Malte and Anastasiya Winkel were concerned that their marriage might suffer if they teamed up in the 470 mixed dinghy together. But they decided to take the risk anyway.

Currently, they’re fighting tooth and nail, not with each other, but against their training partners and teammates also fighting for the right to represent Germany at Paris 2024 this summer.

Currently the Winkels trail Simon Diesch and Anna Markfort in the German trials, although the final of three events is yet to come, the 470 European Championship in Cannes in the south of France, taking place in early May.


It was the 470 that brought Malte and Anastasiya together a decade ago. While representing her home country of Ukraine at the 2014 Junior European Championships, Anastasiya met her future husband Malte, who was competing for Germany. After starting a long-distance relationship, she moved to Germany in 2016 and became a naturalised citizen in 2021.

Anastasiya went to the Tokyo 2020 Games with Luise Wanser and were it not for an unfortunate measurement disqualification from their two opening races, they might well have won a medal at the Games. As it was, this young team still managed sixth overall.

But with the men’s and women’s 470 disciplines subsequently merged into the 470 mixed dinghy for the new Olympic cycle, Wanser and Anastasiya were forced to go their separate ways. The Winkels knew they had the technical skills to create a good 470 team, although that didn’t necessarily mean it was a good idea.

After Anastasiya initially brought up the suggestion, Malte admits: “I immediately declined it, I thought I would never risk the marriage for sailing. I knew from my career already, sailing even with a good friend of mine was hard. I didn’t want to risk our relationship, but somehow Anastasiya was able to convince me.”

Anastasiya continues: “It wasn’t like I was trying to convince him every day! It was more about when it became clear that there would be mixed teams for the Olympics. We were both still in our Olympic campaigns, and it was undecided if we were going to the Games or not.”

The turning point came when Anastasiya’s team needed a temporary fill-in, and Malte stepped in. This experience was a revelation for both. “That was basically the game-changer,” Malte said. “It felt like we had a really similar idea on board of how to sail, and it just really, really felt nice. And that day… it might have been different if it hadn’t gone well! But it was a really good day.”

Despite their commitment to sailing together, they’ve faced plenty of challenging moments along the way, especially when it comes to separating their professional and personal lives. “On the water, we don’t talk as a couple, we talk as sailing partners,” Anastasiya explains. “In the beginning, it was difficult to accept that he was not as careful with his words as he usually is. He can be rude sometimes, but that doesn’t change his relationship with me.”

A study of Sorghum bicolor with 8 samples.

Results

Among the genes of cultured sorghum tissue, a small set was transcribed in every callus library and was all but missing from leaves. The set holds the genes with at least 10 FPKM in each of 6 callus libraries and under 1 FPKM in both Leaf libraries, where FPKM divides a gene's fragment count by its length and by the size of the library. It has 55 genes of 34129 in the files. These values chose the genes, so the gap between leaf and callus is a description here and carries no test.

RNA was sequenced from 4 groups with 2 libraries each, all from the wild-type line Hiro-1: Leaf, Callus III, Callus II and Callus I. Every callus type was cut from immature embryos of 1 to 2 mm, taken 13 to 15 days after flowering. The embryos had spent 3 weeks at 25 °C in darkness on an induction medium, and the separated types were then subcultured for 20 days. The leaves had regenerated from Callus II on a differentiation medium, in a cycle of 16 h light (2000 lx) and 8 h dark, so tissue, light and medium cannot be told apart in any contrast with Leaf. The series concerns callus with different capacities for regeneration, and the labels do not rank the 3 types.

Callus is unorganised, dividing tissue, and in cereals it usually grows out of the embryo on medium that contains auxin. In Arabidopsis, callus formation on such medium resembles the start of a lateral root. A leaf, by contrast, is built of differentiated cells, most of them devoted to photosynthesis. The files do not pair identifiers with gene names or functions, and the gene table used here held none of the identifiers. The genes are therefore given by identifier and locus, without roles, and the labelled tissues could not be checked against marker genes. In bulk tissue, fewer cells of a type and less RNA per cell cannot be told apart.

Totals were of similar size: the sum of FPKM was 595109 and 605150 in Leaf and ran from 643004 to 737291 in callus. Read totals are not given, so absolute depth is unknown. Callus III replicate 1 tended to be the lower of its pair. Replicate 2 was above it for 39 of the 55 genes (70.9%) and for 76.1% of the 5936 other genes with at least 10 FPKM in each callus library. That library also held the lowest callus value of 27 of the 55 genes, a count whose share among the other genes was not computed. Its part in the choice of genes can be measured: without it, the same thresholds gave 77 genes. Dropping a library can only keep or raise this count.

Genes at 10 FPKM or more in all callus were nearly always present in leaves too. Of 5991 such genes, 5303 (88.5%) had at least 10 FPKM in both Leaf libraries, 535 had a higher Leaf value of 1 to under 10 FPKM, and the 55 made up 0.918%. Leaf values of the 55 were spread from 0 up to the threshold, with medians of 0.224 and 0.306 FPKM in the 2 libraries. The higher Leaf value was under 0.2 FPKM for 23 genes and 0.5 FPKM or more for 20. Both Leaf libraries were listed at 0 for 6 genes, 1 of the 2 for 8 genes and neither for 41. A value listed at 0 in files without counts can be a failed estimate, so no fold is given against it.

However, the couple soon realised that trying to completely separate their day-to-day relationship from their sailing partnership was not only impossible but also unnecessary. “We’ve talked a lot with our sports psychologist about it,” says Anastasiya. “It’s different for men and women, and sometimes I’ve taken something from the water back on shore, sometimes Malte has. We can’t always separate these two areas of our life, but we’ve come to the conclusion that that’s also totally okay.”

This unique situation has turned into one of their greatest advantages, Anastasiya believes. “One of our strengths is that we’re super open with each other. We directly say what we think and we don’t have hidden conflicts which eventually explode. Every kind of conflict resolves itself almost immediately.”

Reflecting on their journey and the motivation from missed opportunities at the Tokyo Olympics, Anastasiya says, “It showed me from one side that I’m definitely good enough to be in the running for a medal. Experiencing that atmosphere, the feeling and emotions of the people who were there on the podium – after that, I said to myself that I definitely want to feel that too.”

Looking ahead to the Paris 2024 Olympics, the significance of potentially winning a medal together is not lost on them. Having won a silver at the Olympic Test Event last summer, they have already shown they have the measure of conditions in Marseille.

Malte says: “Winning an Olympic medal together, as husband and wife, would be super special. When we won the silver medal at the Test Event, it has given us a lot of confidence.”

But first they have to win the German trials, and achieving that could prove every bit as hard as winning a medal at the Games.